Thursday, September 18, 2008

From the Local Press

Losing ‘green’ tax credits could have negative local fall-out

By Alexandra Hazlett
The Athens News
September 18, 2008

Set to expire at the end of the year and bogged down because of politics in the U.S. Senate, federal renewable energy tax credits have a wide-ranging impact on the solar- and wind-energy industries, including here in Athens County.

Two local businesses, Dovetail Solar and Third Sun Solar & Wind Power, depend in varying degrees on the tax credits to support their business. According to Matt Bennett, operations manager at Dovetail Solar, about 75 percent of the company’s projects take advantage of the tax credit. Only about a quarter of Third Sun’s projects depend on the tax credit, said Michelle Greenfield, a co-owner.

Without the credits, the brakes could quickly be put on the fledgling renewable-energy industry locally and nationally, Greenfield said.

“We don’t depend on tax-credit jobs for the majority of our business but the industry does,” she said.

The renewable-energy tax credits provide rebates to offset the cost of the installation of renewable energy-generating technology installed on homes and commercial buildings. The tax credit for residential installments is relatively small, Greenfield said, but many commercial projects would not be feasible without them. The goal is to temporarily subsidize the renewable-energy industry in order to give it time to become more competitive with other, more traditional forms of energy.

Bennett predicted that within 5-10 years, solar energy will be competitive enough to no longer need the tax credits.

“On the commercial projects, this is the most significant tax credit available. Up to 60 – 65 percent of the cost can be recouped,” Bennett explained.

The expiration of the tax credits has both short- and long-term repercussions. Greenfield and Bennett both noted a scramble by businesses and citizens to get projects completed by the end of 2008 in order to take advantage of the last year for the credits. Bennett said that Dovetail Solar is booked solid through the end of the year.

The mad dash for January has also caused a shortage in supply of the requisite components for solar-energy systems, Greenfield said.

As part of a larger restructuring of the costs and operations of Ohio’s public utilities, a certain percentage of the utilities’ power is now mandated to come from renewable sources. Starting in January, Ohio Senate Bill 221 will require that public utilities produce 12.5 percent of their power from renewable sources by 2025. Dovetail is installing a $500,000 solar-power system on the roof of AEP’s building in Athens, Bennett noted.

“Even though that seems like a large project, and it is for southeast Ohio, on the scale of things it’s a rather small system,” he said.

The installation, while not large enough to power AEP’s building, would produce enough energy to power about 10 homes, Bennett said.

The renewable-energy tax credits have failed at least eight attempts so far to renew them, and in votes that generally break down along party lines, Greenfield said. The credits are included in an overall energy policy bill that also has provisions for offshore drilling and other energy initiatives.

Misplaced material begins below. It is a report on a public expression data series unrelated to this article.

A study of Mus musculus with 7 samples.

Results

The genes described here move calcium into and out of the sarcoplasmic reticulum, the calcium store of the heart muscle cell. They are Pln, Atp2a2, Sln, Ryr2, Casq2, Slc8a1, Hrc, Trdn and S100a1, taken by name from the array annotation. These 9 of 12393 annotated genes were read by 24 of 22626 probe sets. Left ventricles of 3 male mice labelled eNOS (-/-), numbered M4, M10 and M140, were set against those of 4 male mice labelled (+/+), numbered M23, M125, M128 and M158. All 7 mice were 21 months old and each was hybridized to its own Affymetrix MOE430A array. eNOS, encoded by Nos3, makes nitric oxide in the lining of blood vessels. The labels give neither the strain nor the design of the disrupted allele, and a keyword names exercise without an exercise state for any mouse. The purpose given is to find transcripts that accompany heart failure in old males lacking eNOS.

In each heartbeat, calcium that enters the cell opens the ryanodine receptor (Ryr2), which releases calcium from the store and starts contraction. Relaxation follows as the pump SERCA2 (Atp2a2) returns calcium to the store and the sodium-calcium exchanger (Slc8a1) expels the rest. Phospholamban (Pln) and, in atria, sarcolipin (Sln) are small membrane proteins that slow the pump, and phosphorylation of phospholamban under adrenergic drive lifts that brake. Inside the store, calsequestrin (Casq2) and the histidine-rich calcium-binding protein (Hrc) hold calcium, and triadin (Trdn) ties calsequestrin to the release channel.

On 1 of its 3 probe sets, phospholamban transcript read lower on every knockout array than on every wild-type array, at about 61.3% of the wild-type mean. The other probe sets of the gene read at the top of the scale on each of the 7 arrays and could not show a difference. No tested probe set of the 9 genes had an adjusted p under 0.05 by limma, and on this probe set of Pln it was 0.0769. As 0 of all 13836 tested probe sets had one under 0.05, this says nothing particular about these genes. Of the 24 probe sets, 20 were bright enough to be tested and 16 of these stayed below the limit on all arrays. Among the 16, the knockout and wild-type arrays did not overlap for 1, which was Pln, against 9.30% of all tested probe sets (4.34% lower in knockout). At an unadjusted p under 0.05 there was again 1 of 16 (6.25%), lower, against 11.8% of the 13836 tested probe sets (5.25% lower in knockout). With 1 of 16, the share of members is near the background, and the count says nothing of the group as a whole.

Bennett said the expiration of the tax credits was “extremely irresponsible” policy, especially when the solar industry is one of the few pockets of growth left in the American economy.

“It’s been very frustrating for those of us trying to build this industry,” he said.

While the expiration of the tax credits will hinder local and domestic business, a lack of a stable, predictable tax climate also deters investment in the industry.

“If these tax credits can’t be extended for a long-term, consistent time frame, then companies won’t invest in retooling a manufacturing plant to a solar plant,” Greenfield said. “If we can get that kind of a window [10-12 years], we could see a huge amount of investment coming in.”

By all appearances Ohio has much to gain from continued growth in the renewable-energy industry. According to the Renewable Energy Policy Project, a policy think-tank started in 1995, Ohio could gain more than 13,000 new jobs in the wind-power component manufacturing industry. Another nearly 6,000 new jobs could be created by the solar-power component manufacturing industry, the project stated.

As the cost of fuel and transportation has continued to rise, there has been a reverse trend in outsourcing.

“People are shifting manufacturing back to the states because of transportation costs,” said Susan Knight of the Blue Green Alliance, a joint initiative sponsored by the Sierra Club and the United Steelworkers.

A good example of this, she said, is wind turbines. Outside of fuel costs and trade-policy concerns, they are simply too large to be easily transported. Thus they must be located near the market.

“We can’t have clean energy here, and have trade policy that promotes its exponential growth abroad,” Knight said. “A mandate is absolutely key to getting our economy shifting and moving forward in the long run.”

So why isn’t Congress planning to renew the renewable-energy tax credits?

According to an Associated Press story that ran Aug. 31, “Senate Republicans have blocked consideration of tax-extender plans by Senate Finance Committee Chairman Max Baucus, D-Mont. GOP lawmakers are protesting efforts to offset the costs with other taxes or other items attached to the proposals. In the House, conservative Democrats promise to block any extension that adds to the deficit.”